Tumblr Icon RSS Icon

Liberalism and Resource Constraints

By Matthew Yglesias  

"Liberalism and Resource Constraints"

Share:

google plus icon

An idiosyncratic intellectual project of mine is trying to rescue classical liberalism’s good name from the clutches of contemporary libertarianism. A big issue here is that classical liberals were very concerned with binding resource constraints. In their day, that meant primarily arable land. John Locke, for example, famously noted that individual appropriation of land as property was legitimate “at least where there is enough, and as good, left in common for others.”

The particular problem of arable land isn’t a big deal in a modern rich democracy. But the basic issue that individualistic solutions don’t work when you have binding resource constraints is applicable to a lot of modern day issues. The atmosphere has a finite ability to absorb carbon dioxide emissions before we hit some kind of devastating climate tipping point. It’s striking that seven of the world’s ten highest revenue firms are in the oil business. And a huge share of the recent action in the high-tech space is intimately bound up with the finite quantity of radio spectrum. Tim Lee, who identifies as a libertarian but who I see eye to eye with a huge range of issues, has a thoughtful post about the application of these Lockean issues to the AT&T/T-Mobile merger.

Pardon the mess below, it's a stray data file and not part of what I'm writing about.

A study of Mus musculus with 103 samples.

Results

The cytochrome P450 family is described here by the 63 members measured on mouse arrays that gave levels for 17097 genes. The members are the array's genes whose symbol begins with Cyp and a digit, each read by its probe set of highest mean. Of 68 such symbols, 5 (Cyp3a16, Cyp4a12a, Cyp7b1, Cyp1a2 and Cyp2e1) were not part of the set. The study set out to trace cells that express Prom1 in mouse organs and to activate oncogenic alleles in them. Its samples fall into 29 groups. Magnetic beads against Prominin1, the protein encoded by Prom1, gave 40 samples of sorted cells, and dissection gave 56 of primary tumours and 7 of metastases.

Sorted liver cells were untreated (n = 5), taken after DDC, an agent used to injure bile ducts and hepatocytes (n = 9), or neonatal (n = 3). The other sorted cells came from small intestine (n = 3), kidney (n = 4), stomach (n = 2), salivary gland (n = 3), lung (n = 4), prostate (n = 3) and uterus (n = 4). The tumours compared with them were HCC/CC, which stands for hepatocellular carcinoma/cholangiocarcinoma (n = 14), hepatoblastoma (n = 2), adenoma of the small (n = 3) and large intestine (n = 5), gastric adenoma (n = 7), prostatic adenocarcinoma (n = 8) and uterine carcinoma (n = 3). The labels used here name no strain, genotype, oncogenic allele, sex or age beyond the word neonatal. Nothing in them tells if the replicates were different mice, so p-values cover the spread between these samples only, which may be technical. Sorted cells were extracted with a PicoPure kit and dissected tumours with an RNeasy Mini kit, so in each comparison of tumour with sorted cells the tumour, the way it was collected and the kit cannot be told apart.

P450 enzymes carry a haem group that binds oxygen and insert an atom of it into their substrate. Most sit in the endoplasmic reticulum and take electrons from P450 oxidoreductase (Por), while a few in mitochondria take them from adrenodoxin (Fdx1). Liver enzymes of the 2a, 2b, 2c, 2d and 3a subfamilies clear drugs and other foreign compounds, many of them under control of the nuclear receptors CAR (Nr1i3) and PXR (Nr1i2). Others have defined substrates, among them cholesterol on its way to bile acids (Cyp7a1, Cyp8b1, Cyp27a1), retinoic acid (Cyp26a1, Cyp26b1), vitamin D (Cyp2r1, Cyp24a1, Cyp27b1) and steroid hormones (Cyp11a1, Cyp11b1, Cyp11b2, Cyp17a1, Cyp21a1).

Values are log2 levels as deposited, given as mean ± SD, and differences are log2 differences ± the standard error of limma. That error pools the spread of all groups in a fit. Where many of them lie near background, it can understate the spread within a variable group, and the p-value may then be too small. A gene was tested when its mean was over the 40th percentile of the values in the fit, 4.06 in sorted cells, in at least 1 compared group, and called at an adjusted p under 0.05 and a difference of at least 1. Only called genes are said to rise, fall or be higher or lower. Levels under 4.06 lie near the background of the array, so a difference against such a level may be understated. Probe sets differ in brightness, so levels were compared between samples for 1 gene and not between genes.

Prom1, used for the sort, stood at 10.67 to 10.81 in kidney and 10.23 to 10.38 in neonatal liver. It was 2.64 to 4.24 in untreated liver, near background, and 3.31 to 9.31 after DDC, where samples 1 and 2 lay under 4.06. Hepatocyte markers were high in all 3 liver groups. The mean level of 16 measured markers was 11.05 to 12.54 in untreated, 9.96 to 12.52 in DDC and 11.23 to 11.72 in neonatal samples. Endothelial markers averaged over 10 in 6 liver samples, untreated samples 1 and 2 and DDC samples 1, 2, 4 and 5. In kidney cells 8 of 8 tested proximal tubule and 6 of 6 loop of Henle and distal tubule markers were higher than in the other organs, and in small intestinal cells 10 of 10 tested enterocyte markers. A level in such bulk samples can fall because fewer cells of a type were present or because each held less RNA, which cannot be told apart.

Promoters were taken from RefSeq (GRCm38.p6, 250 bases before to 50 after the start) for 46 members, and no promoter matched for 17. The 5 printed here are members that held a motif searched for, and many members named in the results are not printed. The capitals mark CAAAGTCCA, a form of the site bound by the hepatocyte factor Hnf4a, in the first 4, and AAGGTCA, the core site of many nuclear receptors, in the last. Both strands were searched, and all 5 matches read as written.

Meanwhile, for the countervailing forces ledger note that the Communications Workers of America are strong proponents of the merger because AT&T is unionized and they think this will help them organize T-Mobile’s workers.

‹ The Government Needs Land Price Statistics

Charter Schools And Low-SES Students: Damned If They Do and Damned If They Don’t? ›

By clicking and submitting a comment I acknowledge the ThinkProgress Privacy Policy and agree to the ThinkProgress Terms of Use. I understand that my comments are also being governed by Facebook, Yahoo, AOL, or Hotmail’s Terms of Use and Privacy Policies as applicable, which can be found here.